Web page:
A new approach to emergencies takes root in Africa

On her first mission to Africa as the UN's Deputy High Commissioner for Refugees, Kelly T. Clements found lessons for managing the global refugee crisis.
15 December 2015
Refugees Amina and Syriak till the soil in Uganda.

Crouching amid a group of refugees at the Nakivale settlement in southern Uganda, Kelly T. Clements plants a mango sapling in the rich, dark earth.

A small gesture, it echoes a pioneering approach to refugee assistance that has taken root in Uganda and the Great Lakes region – and which the UN Refugee Agency's Deputy High Commissioner believes could hold vital lessons for managing the global refugee crisis.

More than half a million refugees from strife-torn countries including Burundi, Democratic Republic of the Congo and Somalia have sought safety in Uganda. Soon after arrival they are given the right to work, freedom of movement and permission to live in the community rather than in traditional refugee camps. Many who settle in rural areas receive access to plots of land.

Enshrined in law by the Government of Uganda, the pioneering approach gives refugee families a shot at becoming self-sufficient by growing their own food, accessing markets and contributing to Uganda's economy from the early stages of a life in exile that can stretch for decades.

"We were super impressed," said Clements, who was on her first field mission since taking up her appointment as UNHCR's second-highest official in July. "There was opportunity in terms of economic self-sufficiency where the government of Uganda has put refugees as part of their development plan."

Among the refugees Clements met at the Nakivale refugee settlement were some of the 15,000 men, women and children who have recently fled to Uganda to escape renewed political violence in Burundi. "I think there's a real fear. There's increased violence, and there's a perception that persecution could take root relatively quickly there," Clements said. "Because of what's happening in Burundi, we have to be prepared for far more people fleeing."

"Because of what's happening in Burundi, we have to be prepared for far more people fleeing."

Refugees arriving at Nakivale – the eighth-largest refugee settlement in the world, hosting some 95,000 people – learn how to grow and market crops ranging from maize to mushrooms. Other vocational training includes bricklaying and making energy-efficient stoves that burn less fuel.

Uganda's pioneering approach of embracing refugees and incorporating them into the community was enshrined into law in 2006. Some similar approaches have been adopted in neighbouring Tanzania – which recently began naturalizing some 200,000 Burundians, the vast majority of whom fled there in 1972.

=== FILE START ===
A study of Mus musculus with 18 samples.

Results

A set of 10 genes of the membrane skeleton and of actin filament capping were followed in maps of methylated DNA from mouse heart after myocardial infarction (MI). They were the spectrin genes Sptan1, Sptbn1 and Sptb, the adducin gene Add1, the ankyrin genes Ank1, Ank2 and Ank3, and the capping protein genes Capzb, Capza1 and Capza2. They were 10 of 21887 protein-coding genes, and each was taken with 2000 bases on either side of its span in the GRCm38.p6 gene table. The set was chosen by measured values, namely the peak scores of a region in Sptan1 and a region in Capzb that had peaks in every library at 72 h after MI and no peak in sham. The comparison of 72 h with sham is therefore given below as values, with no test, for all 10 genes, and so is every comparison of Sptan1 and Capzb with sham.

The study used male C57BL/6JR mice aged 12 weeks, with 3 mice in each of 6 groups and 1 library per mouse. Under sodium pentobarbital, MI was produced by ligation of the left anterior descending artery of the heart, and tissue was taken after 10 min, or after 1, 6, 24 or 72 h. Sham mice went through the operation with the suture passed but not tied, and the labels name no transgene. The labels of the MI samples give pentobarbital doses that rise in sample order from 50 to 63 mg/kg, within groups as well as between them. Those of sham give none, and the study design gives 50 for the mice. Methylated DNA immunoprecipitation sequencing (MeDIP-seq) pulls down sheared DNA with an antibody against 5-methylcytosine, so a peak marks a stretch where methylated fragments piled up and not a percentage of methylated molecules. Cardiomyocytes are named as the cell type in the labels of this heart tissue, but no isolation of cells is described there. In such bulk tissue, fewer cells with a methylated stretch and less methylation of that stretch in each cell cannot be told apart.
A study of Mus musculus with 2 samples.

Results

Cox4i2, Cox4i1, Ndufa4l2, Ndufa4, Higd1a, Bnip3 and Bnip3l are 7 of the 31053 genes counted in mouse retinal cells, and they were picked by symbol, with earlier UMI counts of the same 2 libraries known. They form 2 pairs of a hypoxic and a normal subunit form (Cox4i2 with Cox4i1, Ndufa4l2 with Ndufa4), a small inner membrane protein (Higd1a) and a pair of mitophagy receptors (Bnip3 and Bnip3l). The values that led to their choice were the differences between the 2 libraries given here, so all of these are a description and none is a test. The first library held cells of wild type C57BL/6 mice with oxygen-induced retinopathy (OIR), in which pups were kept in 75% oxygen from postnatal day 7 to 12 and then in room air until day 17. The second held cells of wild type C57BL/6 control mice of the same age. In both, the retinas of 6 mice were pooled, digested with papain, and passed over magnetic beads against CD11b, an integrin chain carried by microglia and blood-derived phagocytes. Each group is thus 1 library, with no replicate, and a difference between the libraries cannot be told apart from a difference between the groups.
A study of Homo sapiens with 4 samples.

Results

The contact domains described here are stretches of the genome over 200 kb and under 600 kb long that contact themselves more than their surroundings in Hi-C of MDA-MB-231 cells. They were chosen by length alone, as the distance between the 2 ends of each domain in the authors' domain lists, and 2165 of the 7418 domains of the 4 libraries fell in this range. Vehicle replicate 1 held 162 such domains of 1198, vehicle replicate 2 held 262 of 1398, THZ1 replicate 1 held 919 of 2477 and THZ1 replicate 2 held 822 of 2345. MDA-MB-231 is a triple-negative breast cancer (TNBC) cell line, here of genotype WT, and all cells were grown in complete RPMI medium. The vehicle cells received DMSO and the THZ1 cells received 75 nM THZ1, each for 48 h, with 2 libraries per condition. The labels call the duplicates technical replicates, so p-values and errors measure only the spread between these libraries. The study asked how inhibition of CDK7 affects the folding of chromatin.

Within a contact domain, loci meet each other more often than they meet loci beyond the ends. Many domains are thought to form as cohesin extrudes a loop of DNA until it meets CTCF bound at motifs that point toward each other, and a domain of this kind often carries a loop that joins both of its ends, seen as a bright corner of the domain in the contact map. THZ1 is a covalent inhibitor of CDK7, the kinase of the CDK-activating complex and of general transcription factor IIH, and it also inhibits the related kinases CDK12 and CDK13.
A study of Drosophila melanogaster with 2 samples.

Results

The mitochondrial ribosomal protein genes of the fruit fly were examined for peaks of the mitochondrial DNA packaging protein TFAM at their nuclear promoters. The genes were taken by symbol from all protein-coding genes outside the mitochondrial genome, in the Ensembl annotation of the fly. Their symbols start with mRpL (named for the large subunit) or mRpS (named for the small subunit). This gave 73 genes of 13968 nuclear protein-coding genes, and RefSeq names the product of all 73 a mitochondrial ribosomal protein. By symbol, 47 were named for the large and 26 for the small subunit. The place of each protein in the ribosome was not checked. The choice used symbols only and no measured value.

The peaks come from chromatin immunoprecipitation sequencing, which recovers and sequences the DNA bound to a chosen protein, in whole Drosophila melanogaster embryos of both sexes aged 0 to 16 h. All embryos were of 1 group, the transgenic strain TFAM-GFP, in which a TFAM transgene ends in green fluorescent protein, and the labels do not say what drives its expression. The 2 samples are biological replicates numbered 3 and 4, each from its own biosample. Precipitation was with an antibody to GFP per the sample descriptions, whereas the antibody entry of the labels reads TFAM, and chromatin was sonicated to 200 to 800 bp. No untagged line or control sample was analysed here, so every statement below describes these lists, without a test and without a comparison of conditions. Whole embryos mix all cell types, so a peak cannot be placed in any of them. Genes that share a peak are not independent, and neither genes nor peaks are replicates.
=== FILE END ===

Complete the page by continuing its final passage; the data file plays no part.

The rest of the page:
“What we have seen in, for example, Uganda – and to some extent elsewhere – would show that a new approach to emergency response could actually take root in this part of the world and we could model it elsewhere,” said Clements, who worked for UNHCR as a protection officer in Bangladesh in the early 1990s, and returned as Deputy High Commissioner after a 25-year career with the US Department of State.

“A new approach to emergency response could actually take root in this part of the world, and we could model it elsewhere.”

There are currently nearly 60 million people fleeing violence and persecution around the world, the most since the end of World War Two. The Syria conflict alone has displaced nearly 4.4 million people, with the vast majority living as refugees in Turkey, Lebanon, Jordan, Iraq and Egypt.

Three of the 10 countries hosting the world's largest refugee populations are in the East and Horn of Africa: Ethiopia, Kenya and Uganda. Already hosting more refugees than at any other time in its history, Uganda could receive further refugees from South Sudan in the north, and DRC and Burundi in the south and mid-west.

The surge in the number of people running for their lives comes as UNHCR faces a shortfall of more than half its budget. Faced with growing humanitarian commitments and significant shortfalls, Clements believes that a strategic Great Lakes-style approach that helps refugees achieve significant self-reliance "could have application everywhere."

"Particularly where we're talking about urban refugee populations, for example. There is great opportunity to look at similar models. Those would be made easier for agriculturally based populations, particularly where land is available for that to happen, but I don't think it's exclusively dependent on land and agriculture," she said.

"Really looking at markets and economic opportunities is the first step, self-reliance would follow. The ability to move freely and to contribute to the economy is essential," she added.